Illinois Network of Charter Schools

A bill presented to the House Education Committee today strengthens the standards for Florida’s charter schools. The bill aims at solving a lot of problems in one swoop.

Florida’s charter schools have been the subject of some dispute.

Rep. Robert Cortez (R- Maitland) put forward a bill that would overhaul how charter schools are ranked, graded and researched.

“This bill includes provisions to strengthen charter school accountability, assist applicants and authorizers in charter school application process, encourage opening only high quality charter schools, increase student access to high quality charter school and virtual school education options, and it also creates the Florida Charter School Institute,” Cortez explains to the committee.

Strengthening charter school accountability is one of the more important aspects of the bill, and meant to address a number of cases where charter schools had been established under dubious pretenses or by dubious people. It would also hold the creation of charter schools to a higher standard.

“So if you failed in Texas and Indiana, I certainly wouldn’t support you opening a school in Florida,” Sen. Nancy Detert (R- Venice) said about a similar bill posed to the Senate last week.

The bill also requires charter schools to release monthly updates, and any charter school with two consecutive F grades would be shut down.

The establishment of the Florida Charter School Institute on Florida State University’s campus was widely embraced by the committee. $1 million would go to fund the institute, which would become a research hub and assist charter schools in developing charter school application proposals.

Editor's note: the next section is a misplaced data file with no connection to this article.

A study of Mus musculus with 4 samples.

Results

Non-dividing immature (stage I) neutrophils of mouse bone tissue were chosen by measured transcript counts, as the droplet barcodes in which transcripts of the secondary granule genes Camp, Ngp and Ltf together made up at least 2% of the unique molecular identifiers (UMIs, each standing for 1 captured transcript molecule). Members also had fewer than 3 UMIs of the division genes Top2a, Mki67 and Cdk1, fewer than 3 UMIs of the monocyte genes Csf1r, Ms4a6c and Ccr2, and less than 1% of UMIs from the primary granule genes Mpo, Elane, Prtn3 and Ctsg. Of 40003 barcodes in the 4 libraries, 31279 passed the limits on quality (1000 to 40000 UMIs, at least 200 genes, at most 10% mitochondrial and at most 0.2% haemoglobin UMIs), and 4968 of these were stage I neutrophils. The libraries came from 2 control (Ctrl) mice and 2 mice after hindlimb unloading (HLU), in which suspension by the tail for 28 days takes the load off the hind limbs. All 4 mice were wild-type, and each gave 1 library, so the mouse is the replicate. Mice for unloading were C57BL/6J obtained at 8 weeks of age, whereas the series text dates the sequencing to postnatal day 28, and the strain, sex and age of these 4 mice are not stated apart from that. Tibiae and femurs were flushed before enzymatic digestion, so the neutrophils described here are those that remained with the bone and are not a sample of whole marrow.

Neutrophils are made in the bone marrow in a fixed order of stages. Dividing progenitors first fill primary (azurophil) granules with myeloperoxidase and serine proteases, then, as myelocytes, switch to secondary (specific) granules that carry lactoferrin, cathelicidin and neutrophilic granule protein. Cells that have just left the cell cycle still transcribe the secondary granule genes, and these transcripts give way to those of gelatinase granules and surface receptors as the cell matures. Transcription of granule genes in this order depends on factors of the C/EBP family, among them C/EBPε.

The bill was contested by Rep. Alan Williams (D- Tallahassee) and Rep. Victor Torres (D- Orlando).

“Thank you, Representative, for this bill,” Torres said. “You have some good points on this bill, but there are concerns that need to change on this bill, and so at this time, I will not support the bill, and hopefully it’ll change by the time it gets onto the chamber floor, thank you.”

After nearly an hour of deliberation, an exhausted-sounding Cortez declined his closing statement.

“Madame Chair, I believe everything has already been said here. I wave close,” Cortez said.

There are similar ideas moving in the Senate, but the chamber has also proposed more than a dozen bills. Senate education officials are considering merging the measures into one package, as the House has done.